Monday, November 21, 2011

Scene of the Crime with Author Jasper Fforde

I've been a fan of author Jasper Fforde since I picked up a copy of The Eyre Affair from a table at the local Barnes & Noble and began to read.

That very first book in the Thursday Next series opened up an entirely new world to me. A world where people still travel by zeppelins, where it is possible to have a dodo as a pet, and-- most importantly-- a world where books are alive. They are difficult books to describe to those who haven't fallen under Fforde's spell of parallel worlds and bad puns.

As might be imagined from the uniqueness of these books, any interview with Jasper Fforde isn't going to be even remotely related to the status quo.  Before we go any further, I'd best give you the links you're used to seeing at the beginning of a Scene of the Crime interview:

Jasper Fforde

After Mr. Fforde directed me to his FAQ page on his website and I read all 514 frequently asked questions scattered over a few pages, I rested my eyes. I also knew that he wasn't interested in doing a normal interview, even though some of my usual questions weren't on the FAQ list.

I had to come up with something different, and I did. What follows is an interview for readers who are familiar with Jasper Fforde's books. If you haven't read the books, don't let it put you off this unusual interview. Chances are that if you read through these wacky questions and answers, you'll be intrigued enough to pick up one of the books and read it. Also, if you read Fforde's answers with a bit of care, you'll see that he's secretly slipping in some observations and information and not just being totally silly.

Welcome to the world of Jasper Fforde!

Thursday Next, Jack Spratt and Eddie Russett have signed up for Saturday Night Mud Wrestling down at the local pub. Who wins... and how?

Thursday would win on brute force, Jack Spratt would win on guile and Eddie Russett would win by bending the rules to his advantage - or at least, have Tommo do it for him.

How did all the zombies and vampires manage to get loose and run amok in the Book World? Is it true that Goliath are behind it?

Goliath would love to have that sort of power within the Bookworld, but despite their best efforts, the most they have done is fire a few unmanned probes into books at random, and one quasi-success with the 'Austen Rover', a sort of Transfictional tour bus. No, the plethora of zombies in fiction is mostly due to a strong union and a lack of dress sense that many people are imbued with - it's easy work, too, just wandering around going 'Urrgh. yurr, geerg.' For their daily rate, I'd do the same. Vampires are another story - that's it. Vampires are another story.

Have you upgraded to the latest footnoterphone?

Yes, I use Android which runs under the 'Electric Sheep' network.

I've tracked down an active cell of Bowdlerizers. With all the budget cuts in Jurisfiction, I'd like to know what is the best way for me to infiltrate?

Probably the best way is to effect a supercilious air and declaim to anyone who will listen that 'fiction is in need of a tidy up' and then shout loudly and at great length about the 'ruder' aspects of John Buchanan's 'The Thirty-nine Steps', in particular where Richard Hannay is 'taken behind by a policeman', and that you will be the one to ensure this sort of smut does not reach the eyes of the public. That should do it.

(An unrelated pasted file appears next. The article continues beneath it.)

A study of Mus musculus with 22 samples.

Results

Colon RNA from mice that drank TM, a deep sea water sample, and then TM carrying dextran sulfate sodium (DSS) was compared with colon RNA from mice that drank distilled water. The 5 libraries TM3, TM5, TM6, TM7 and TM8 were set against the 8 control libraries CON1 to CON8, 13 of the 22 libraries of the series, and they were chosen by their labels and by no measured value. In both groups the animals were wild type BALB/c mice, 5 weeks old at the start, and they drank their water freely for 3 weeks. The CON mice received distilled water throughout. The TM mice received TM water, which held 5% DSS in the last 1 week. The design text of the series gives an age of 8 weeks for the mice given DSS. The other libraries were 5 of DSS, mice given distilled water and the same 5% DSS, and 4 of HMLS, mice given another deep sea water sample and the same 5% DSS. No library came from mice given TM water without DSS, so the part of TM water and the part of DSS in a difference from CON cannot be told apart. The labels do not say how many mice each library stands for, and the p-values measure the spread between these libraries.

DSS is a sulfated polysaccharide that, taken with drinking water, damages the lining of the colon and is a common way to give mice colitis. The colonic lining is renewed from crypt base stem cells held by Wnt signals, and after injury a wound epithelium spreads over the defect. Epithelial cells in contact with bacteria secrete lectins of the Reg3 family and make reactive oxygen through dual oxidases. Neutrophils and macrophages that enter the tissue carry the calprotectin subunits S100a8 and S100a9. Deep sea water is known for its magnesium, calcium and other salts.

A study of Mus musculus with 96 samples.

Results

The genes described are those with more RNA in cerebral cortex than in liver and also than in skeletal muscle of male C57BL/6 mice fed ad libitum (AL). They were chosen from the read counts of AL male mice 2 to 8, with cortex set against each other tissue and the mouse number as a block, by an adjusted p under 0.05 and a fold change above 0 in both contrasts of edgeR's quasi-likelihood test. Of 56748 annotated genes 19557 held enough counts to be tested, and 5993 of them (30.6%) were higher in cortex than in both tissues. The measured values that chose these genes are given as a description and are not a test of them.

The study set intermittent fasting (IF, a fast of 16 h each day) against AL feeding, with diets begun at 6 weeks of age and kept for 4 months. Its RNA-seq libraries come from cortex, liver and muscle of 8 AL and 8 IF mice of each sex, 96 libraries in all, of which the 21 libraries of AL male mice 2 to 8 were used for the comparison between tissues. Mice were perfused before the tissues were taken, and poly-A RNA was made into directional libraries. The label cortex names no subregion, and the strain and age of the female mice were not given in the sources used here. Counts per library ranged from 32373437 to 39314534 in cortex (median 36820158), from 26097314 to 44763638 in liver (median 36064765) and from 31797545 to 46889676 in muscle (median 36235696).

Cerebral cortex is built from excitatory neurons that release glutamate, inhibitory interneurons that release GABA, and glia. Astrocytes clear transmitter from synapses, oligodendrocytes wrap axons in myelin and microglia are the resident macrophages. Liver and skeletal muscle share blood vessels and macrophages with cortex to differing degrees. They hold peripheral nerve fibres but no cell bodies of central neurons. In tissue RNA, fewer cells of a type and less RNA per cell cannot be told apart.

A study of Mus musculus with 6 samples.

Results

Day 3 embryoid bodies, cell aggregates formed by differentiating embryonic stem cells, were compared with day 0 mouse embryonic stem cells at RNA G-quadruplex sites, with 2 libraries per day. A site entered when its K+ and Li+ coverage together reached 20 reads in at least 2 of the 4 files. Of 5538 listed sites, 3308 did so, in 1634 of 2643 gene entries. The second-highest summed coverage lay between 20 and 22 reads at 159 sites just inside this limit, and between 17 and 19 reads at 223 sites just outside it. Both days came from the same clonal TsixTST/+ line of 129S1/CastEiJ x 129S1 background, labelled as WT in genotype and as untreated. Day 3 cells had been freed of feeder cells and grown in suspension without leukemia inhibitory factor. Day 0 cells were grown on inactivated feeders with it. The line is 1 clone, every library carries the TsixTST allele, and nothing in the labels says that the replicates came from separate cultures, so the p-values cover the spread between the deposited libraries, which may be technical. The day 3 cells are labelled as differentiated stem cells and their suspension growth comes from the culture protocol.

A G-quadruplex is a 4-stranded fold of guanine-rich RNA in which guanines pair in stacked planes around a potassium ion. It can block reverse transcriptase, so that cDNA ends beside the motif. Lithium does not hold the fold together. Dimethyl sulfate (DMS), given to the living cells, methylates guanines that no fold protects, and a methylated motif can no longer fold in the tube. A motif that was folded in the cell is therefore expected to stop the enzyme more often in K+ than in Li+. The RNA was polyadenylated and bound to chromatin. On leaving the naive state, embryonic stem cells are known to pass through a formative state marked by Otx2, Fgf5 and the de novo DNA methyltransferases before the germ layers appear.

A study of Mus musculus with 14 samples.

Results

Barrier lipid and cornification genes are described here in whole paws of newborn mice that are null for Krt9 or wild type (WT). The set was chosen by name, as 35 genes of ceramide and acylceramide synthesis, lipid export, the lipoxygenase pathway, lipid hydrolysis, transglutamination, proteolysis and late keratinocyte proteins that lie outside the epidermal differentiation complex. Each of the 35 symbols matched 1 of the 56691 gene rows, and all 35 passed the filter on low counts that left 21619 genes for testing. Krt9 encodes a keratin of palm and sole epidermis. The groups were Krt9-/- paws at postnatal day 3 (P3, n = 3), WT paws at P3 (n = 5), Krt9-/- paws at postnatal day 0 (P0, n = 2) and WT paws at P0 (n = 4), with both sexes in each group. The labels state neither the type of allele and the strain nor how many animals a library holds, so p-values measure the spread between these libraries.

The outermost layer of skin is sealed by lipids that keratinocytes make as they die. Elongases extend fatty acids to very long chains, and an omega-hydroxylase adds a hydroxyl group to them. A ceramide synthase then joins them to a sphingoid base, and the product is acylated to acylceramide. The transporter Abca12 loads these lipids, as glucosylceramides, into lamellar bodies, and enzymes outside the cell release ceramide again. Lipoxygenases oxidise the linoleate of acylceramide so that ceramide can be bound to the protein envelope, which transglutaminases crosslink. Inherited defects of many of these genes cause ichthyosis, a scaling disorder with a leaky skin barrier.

With dictionaries scrambling to include all the latest mobile phone text speak, do you foresee a Mispeling pandemic?


What's the best way to butter up the Unitary Authority of Warrington Cat so I can get a job in the Great Library?

The best way to butter up the Cat formerly known as Cheshire is with ... butter. He loves it. Sort of like a cream loaf.

There's a wheel of X-14 cheese in my garden. I covered it with a wet blanket and called the CEA, but no one's shown up. It's been three days. What should I do?

Sell the cheese and pocket the cash. If you feel guilty about selling it on, take it to a lonely place in the middle of nowhere and abandon it. A deserted quarry will do, or the mid-atlantic trench. Be careful not to drop it as X-14 is so volatile that harsh knocks, a naked flame or even raised voices can set it off. Two ounces of X-14 has about the same explosive power of 2lbs of Cemtex. On NO ACCOUNT attempt to eat the cheese.

On Sale Now!
Thank you for spending this time with us, Mr. Fforde. We certainly appreciate it. 

May your book sales do nothing but increase!

Don't forget to stop by next Monday when I'll be interviewing another of my favorite mystery writers here on Scene of the Crime.


  1. What a great interview. And I love the croquet photo, too.

  2. Thanks for a unique interview with the wonderful Jasper Fforde. I just love his books- they're fab!

  3. This is the silliest interview I ever read and I enjoyed it thoroughly.

  4. Hahaha! That was such a fun interview! I've only read one of his books so far, but I will definitely be reading more. :)

  5. Brilliant and hilarious interview! I hope you don't mind if I post a link to it on my blog?

  6. Jeanne-- When I found that photo, I knew it was The One. : )

    Neeuqfonafamai-- He's one of the very very few authors whom I would recommend re-reading. I know there are puns and other goodies that have gone over my head on the first read!

    Candace-- I'm glad you liked it!

    Barbara-- Whew! I have to admit that I had fun coming up with those questions.

    Alyce-- Good!

    Becky-- Of course I wouldn't mind if you posted a link. I'd be honored!

  7. I am really late to the party, but I did want to say that I love Jasper Fforde books and I really enjoyed this interview! Well done you on getting such a fab guest!

  8. Marg-- I'm glad you enjoyed it!


Thank you for taking the time to make a comment. I really appreciate it!